Principal Doug Hanna of S+H Construction knew immediately that the transformation his firm and Architect Will Ruhl were planning for a 3,500-square-foot contemporary home in Cambridge would not be your everyday makeover. The property of interest was formerly an abandoned municipal garage that was converted into a residential living space in the 1950s by Paul Rudolph, one of the Modernist era’s leading architects.
As the home had sustained some water damage and had poor insulation, “the goal of the project was to make the house energy-efficient and weather-tight with the help of ZeroEnergy Design,” says the firm. Its refreshed aesthetic was a happy by-product; the home is light and airy and boasts a swanky industrial vibe.
Due to a lack of insulation, the back room of the home had become unlivable a few months of the year. To solve the issue, S+H Construction installed translucent polycarbonate window panels to usher in light and warmth. They also outfitted the room with heating, cooling and high-density foam installation, and fashioned a library-ready space for the new homeowners’ impressive book collection.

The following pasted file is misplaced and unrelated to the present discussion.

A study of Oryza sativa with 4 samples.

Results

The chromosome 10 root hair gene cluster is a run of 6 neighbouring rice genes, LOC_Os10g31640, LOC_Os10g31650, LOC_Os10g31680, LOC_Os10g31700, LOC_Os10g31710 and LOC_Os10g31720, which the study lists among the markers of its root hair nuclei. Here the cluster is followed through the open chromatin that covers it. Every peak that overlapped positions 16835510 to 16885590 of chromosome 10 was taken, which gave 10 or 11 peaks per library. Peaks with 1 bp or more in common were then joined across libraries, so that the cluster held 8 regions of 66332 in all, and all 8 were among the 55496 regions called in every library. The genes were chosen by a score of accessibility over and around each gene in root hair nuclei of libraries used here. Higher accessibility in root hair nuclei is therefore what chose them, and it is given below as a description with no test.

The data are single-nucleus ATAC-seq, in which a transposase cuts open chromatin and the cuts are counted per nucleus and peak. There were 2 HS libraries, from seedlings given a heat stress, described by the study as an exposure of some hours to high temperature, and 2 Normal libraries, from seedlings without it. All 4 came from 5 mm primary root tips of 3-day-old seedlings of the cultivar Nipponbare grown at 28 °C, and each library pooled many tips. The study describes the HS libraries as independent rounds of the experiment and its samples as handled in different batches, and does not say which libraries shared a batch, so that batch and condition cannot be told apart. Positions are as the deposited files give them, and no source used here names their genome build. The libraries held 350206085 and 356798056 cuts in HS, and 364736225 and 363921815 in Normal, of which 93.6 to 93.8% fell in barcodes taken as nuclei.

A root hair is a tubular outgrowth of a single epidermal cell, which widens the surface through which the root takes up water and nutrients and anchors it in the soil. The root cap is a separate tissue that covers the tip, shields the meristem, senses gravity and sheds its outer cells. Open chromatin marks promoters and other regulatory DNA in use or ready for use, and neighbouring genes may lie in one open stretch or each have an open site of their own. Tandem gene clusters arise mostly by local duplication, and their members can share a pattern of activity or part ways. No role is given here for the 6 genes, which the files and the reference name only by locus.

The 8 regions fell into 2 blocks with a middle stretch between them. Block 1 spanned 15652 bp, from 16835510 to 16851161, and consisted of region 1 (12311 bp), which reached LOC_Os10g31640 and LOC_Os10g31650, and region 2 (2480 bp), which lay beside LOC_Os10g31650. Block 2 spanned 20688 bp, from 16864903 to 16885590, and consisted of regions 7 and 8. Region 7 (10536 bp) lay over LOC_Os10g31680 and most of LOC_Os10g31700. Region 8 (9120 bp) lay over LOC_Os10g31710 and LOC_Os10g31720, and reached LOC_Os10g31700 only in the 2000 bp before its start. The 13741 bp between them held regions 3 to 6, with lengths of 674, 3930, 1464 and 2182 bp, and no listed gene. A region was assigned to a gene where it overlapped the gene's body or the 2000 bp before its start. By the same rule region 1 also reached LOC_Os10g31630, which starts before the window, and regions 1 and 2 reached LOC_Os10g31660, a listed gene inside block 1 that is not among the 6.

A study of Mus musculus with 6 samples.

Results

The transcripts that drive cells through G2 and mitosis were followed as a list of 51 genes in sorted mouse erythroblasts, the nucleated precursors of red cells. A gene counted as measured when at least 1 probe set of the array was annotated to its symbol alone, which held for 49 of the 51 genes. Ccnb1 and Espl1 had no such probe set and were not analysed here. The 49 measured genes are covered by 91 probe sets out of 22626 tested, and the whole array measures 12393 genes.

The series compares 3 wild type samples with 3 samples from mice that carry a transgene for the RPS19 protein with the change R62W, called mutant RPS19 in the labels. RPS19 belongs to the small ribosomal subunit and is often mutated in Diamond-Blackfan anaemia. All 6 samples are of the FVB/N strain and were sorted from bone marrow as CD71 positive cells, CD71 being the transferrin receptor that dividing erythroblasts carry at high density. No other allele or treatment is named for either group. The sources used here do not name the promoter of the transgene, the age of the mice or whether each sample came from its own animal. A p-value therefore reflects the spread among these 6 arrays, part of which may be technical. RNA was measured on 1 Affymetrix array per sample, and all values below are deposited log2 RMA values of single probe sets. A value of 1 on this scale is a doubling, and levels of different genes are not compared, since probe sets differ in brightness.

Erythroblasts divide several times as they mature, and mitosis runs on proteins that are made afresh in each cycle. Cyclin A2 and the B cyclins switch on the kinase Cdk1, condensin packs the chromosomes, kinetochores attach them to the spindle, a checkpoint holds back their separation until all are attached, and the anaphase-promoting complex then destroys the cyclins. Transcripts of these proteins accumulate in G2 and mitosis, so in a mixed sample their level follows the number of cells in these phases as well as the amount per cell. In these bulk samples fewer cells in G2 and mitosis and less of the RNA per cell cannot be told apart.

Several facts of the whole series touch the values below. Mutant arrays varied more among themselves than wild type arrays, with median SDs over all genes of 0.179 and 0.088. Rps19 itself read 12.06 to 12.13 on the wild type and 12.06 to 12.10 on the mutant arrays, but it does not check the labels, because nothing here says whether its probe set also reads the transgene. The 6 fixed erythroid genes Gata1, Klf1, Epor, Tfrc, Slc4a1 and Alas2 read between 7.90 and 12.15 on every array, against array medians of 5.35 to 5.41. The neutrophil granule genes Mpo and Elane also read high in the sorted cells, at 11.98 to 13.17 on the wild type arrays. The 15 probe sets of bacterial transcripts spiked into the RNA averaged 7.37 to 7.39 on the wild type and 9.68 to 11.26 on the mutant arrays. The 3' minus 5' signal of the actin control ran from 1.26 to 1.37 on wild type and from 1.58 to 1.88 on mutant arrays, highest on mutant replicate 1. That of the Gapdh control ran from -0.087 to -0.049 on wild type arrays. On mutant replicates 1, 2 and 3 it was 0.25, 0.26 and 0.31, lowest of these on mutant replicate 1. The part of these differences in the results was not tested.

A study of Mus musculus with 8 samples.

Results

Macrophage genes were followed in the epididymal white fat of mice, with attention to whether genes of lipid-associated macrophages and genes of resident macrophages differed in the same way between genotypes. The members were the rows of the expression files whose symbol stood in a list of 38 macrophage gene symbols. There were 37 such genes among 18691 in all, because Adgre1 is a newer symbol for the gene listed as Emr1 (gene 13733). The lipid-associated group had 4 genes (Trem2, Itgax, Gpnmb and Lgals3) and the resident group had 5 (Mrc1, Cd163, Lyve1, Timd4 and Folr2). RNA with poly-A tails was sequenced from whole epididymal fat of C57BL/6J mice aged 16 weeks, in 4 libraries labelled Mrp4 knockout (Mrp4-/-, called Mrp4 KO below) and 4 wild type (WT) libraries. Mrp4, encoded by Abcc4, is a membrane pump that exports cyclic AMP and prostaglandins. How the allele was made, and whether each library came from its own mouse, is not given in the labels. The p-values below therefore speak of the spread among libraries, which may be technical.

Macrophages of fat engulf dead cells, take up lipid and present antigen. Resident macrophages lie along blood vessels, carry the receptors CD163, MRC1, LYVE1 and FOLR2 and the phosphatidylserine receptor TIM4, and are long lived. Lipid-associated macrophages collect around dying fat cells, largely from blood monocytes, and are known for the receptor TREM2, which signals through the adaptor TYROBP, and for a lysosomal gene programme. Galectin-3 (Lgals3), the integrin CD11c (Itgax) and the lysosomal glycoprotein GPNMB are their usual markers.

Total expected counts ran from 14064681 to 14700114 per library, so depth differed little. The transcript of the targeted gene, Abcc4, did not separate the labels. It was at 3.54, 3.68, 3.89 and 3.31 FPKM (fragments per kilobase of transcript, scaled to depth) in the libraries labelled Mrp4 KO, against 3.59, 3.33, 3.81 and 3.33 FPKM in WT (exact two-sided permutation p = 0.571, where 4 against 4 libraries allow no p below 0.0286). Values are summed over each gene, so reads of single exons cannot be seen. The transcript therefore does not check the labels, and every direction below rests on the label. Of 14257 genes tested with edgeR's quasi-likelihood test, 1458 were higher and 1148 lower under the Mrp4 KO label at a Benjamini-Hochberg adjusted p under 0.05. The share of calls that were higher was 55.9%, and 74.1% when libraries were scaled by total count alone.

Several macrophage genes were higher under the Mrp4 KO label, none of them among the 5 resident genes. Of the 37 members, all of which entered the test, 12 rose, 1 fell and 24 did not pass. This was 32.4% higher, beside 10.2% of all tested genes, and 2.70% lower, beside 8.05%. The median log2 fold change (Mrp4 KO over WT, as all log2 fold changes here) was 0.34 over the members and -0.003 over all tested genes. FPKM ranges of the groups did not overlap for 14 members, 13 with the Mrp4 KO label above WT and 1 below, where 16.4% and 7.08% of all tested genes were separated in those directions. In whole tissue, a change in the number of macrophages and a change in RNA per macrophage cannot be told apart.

The installation of triple-glazed, super insulated, sliding glass doors was another highlight of the remodel. The doors required alterations to the slab deck and steel trusses, and afforded the homeowners immediate access to the outdoors.
The glassy exterior plays up the family's natural lookout and celebrates its site. The lush, leafy backdrop serves as a brilliant foil to the clean lines and geometric forms found within the home.